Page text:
NORTHPORT, N.Y. -- On Nov. 8, voters in New York state will decide on a ballot measure aimed at fighting climate change.
The Clean Water, Clean Air and Green Jobs Bond Act is getting top billing, yet many voters tell CBS2's Jennifer McLogan they know little about Proposition 1.
On the streets of Northport, adjacent to the harbor, essential to Long Island's North Shore, voter outreach was underway Wednesday.
Prop 1 on New York state's November ballot is a $4 billion bond act.
"How do you feel about borrowing money for the environment?" McLogan asked one man.
"Oh, absolutely. That could be a fantastic idea," he said.
"When we have the labor community, the business community and the environmental community all together, that should tell voters this is a no-brainer," said Matthew Cohen, with the Long Island Association.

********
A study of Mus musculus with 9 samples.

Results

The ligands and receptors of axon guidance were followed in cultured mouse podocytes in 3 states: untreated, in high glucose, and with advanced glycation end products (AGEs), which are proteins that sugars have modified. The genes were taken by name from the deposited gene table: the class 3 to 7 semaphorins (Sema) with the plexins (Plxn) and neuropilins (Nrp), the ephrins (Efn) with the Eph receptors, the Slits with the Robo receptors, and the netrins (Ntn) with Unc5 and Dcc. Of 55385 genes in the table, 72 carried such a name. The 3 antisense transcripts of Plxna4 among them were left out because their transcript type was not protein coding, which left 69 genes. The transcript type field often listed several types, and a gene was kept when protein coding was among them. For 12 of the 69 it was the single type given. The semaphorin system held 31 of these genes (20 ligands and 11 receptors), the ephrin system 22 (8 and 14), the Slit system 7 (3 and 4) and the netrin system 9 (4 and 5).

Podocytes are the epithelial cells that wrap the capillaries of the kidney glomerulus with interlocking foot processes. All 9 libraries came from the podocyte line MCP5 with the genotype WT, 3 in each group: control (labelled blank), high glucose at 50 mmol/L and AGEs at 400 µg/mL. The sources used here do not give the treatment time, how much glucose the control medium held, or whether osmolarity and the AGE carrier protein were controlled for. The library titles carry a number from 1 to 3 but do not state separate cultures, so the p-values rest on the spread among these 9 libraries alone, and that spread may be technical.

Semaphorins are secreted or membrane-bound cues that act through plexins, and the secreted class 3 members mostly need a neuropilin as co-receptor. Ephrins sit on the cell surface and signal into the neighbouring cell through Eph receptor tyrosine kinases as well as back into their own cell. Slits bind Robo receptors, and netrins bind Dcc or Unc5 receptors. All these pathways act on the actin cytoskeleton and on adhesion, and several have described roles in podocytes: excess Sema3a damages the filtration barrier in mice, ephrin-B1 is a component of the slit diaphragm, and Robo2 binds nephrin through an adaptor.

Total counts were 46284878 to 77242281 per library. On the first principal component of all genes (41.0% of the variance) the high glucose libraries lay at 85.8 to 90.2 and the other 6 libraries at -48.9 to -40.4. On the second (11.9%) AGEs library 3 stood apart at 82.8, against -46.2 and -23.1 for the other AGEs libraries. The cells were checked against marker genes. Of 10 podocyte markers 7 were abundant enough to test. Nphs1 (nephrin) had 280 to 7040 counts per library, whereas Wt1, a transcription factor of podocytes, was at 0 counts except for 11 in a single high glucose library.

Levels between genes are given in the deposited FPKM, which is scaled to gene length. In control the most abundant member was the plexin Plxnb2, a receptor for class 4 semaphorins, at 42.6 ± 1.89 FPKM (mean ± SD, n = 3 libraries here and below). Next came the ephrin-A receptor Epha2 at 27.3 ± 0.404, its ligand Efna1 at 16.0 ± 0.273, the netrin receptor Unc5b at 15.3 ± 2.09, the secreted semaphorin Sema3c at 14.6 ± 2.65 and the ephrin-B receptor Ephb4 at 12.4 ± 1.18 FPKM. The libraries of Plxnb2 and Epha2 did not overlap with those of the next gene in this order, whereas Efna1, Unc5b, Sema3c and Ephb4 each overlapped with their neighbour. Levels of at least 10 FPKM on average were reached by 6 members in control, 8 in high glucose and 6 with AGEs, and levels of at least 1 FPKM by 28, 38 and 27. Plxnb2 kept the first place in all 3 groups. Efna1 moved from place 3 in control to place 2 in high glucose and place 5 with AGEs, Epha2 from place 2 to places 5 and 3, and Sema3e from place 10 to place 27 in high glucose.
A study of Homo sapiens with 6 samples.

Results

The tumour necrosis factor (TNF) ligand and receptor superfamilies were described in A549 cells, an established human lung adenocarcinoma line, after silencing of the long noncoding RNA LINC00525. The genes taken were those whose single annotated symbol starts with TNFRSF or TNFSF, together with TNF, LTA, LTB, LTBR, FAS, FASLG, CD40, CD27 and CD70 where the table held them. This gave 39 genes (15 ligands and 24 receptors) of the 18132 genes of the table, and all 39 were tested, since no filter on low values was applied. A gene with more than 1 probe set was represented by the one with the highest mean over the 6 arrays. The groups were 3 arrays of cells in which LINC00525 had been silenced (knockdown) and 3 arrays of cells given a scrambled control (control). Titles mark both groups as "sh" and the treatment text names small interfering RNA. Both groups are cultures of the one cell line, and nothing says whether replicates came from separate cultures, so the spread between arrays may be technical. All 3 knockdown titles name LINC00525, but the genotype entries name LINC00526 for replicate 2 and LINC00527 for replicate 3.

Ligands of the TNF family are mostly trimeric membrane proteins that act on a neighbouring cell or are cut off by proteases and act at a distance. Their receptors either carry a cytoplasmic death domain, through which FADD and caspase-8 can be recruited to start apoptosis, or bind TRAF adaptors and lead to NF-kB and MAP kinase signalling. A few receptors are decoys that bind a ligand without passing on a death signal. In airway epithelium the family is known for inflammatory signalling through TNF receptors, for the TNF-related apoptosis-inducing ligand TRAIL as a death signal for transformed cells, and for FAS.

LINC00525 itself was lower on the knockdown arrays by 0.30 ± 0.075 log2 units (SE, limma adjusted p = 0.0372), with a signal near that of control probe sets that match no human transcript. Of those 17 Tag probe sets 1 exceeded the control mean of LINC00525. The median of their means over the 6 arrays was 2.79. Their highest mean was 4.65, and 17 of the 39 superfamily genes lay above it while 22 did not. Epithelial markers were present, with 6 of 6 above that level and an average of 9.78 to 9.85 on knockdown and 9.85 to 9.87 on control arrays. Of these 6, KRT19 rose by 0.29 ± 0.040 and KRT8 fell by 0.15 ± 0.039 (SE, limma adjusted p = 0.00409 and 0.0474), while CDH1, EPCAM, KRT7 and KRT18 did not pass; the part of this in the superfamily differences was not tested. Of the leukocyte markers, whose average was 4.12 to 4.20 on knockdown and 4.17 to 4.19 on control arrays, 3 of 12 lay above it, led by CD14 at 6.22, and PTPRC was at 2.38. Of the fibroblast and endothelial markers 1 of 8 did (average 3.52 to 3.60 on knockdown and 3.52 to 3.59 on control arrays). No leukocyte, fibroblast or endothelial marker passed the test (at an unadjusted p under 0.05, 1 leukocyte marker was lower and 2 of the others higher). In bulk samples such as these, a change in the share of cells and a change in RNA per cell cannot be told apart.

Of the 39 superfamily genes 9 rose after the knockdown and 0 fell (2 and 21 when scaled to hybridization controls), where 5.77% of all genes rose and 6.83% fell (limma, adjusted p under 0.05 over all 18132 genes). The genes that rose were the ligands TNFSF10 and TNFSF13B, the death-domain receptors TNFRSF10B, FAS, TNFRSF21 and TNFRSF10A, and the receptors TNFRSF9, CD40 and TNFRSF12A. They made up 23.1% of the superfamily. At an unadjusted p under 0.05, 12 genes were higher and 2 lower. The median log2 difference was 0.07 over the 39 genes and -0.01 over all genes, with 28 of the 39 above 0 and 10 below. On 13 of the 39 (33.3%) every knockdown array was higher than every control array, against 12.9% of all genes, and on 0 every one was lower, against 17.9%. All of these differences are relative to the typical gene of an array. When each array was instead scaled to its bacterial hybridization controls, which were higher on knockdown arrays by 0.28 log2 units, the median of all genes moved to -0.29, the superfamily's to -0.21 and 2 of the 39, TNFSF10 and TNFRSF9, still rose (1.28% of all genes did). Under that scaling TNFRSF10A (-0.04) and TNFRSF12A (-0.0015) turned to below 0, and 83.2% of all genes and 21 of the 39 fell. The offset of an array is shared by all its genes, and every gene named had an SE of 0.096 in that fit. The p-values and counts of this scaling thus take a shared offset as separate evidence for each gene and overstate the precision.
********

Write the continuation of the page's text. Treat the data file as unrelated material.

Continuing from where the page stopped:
"I'd like to know more how the money's being spent," one person said.
Prop 1 money will go to:
- Protect clean drinking water,
- Conserve open space,
- Fight climate change and flooding,
- Expand sewer infrastructure,
- And preserve wetlands.
"Was it difficult for both sides to come together in Albany?" McLogan asked Republican State Sen. Mario Mattera.
"No, it wasn't," he said. "It's getting bipartisan because everybody cares about the environment."
If the Bond Act is approved, the state will be able to borrow the money and put out request proposals for the work.
"This is low-interest financing that will be paid off for many decades," Assemblyman Keith Brown said. "It hasn't been done in 30 years."
It will include green power initiatives.
"Four-point-two billion dollars is not really going to put us in debt ... So this is a really great opportunity to make a smart investment," Sen. Alexis Weik said.
Citizens Campaign for the Environment is taking their educational campaign to the streets.
"Clean water is not free, but it is critically important, and so we need for the public to flip their ballot over on November 8th and it will be Proposition 1," said the organization's executive director, Adrienne Esposito.
Proponents are telling skittish voters the environmental bond is necessary and overdue to sustain our state.